Can these glasses really help the blind see?

Star Trek is known for “predicting” modern technology. Everything from touch screens, to Facetime to smartphones were all being used on the groundbreaking sci-fi program in the 60s. Now, we use them in real life every day. So, it’s really no surprise that Star Trek predicted another amazing scientific breakthrough. Remember the “glasses” Levar Burton’s character wore in Star Trek: The Next Generation? Yep, now they exist … sort of.

A Canadian company called eSight is marketing a product that enhanced underdeveloped optic nerves that help people with sight issues see more clearly. Customers who saw only a blur can now read the morning paper with their coffee.

The process is fairly complicated, but, for the layman, here’s the nutshell: eSight glasses transmit images from cameras in the “lenses” to the user’s peripheral vision, allowing many people to see clearly what they could not see at all before. While this solution is not for everyone, even some people diagnosed as legally blind are seeing the benefits of these products.

The science here is based on the fact that many times visual acuity issues only degrade the central vision, leaving side views working fairly well. By sending images to the peripheral, eSight puts images where people can see them.

That’s not to say there aren’t some critics or legitimate shortcomings that need to be addressed. Many people have already been helped, but not in sufficient numbers or in enough tests to declare any specific “proven” benefits. At this point, many of the positive stories are anecdotal, rather than scientific.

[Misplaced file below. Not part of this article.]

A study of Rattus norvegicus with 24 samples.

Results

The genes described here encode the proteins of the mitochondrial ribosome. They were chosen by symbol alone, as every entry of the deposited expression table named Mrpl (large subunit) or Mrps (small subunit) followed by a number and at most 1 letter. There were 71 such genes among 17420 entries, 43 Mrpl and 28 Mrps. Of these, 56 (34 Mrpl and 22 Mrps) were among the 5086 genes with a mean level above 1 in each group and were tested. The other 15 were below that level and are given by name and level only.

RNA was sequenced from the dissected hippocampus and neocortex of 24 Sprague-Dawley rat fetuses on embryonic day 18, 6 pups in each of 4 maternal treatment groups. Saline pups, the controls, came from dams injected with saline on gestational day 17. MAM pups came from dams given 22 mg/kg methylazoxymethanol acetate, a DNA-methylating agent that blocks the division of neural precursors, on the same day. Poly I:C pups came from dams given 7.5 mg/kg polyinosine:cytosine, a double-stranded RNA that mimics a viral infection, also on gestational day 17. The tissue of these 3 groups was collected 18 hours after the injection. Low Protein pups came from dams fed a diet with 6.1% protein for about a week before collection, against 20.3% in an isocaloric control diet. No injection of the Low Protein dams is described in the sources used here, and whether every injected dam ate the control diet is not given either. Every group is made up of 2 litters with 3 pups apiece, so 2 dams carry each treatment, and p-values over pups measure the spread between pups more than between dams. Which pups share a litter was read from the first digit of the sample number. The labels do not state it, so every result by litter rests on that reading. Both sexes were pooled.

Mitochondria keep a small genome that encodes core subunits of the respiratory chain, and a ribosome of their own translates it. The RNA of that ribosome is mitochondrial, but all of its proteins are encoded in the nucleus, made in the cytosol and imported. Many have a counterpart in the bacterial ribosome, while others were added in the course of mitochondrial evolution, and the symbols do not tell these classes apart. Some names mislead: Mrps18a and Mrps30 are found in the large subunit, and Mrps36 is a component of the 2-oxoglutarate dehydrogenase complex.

That’s not to say this is junk science or fake medicine. eSight is in the process of carrying out clinical trials of the products to prove their effectiveness beyond a shadow of a doubt.

And that’s not the only hurdle the company has to get over. As with all new technology, there’s a fairly steep price tag, about $10,000 at this point. That’s generally the case with new tech, especially specialty medical products that are not yet widely available. But that’s not to say it will always be that way. Mass production will come once the company is able to prove the viability of the product. Well, let’s say “if” the company can prove the viability of the product.

One group eSight needs on board are insurers. To date, insurance companies are taking a pass on covering these items, because they haven’t been proven and because they are currently classified as medical assistance devices, rather than medical necessities. That’s something the makers of eSight will have to change if they want to mass market their high-tech miracle cure.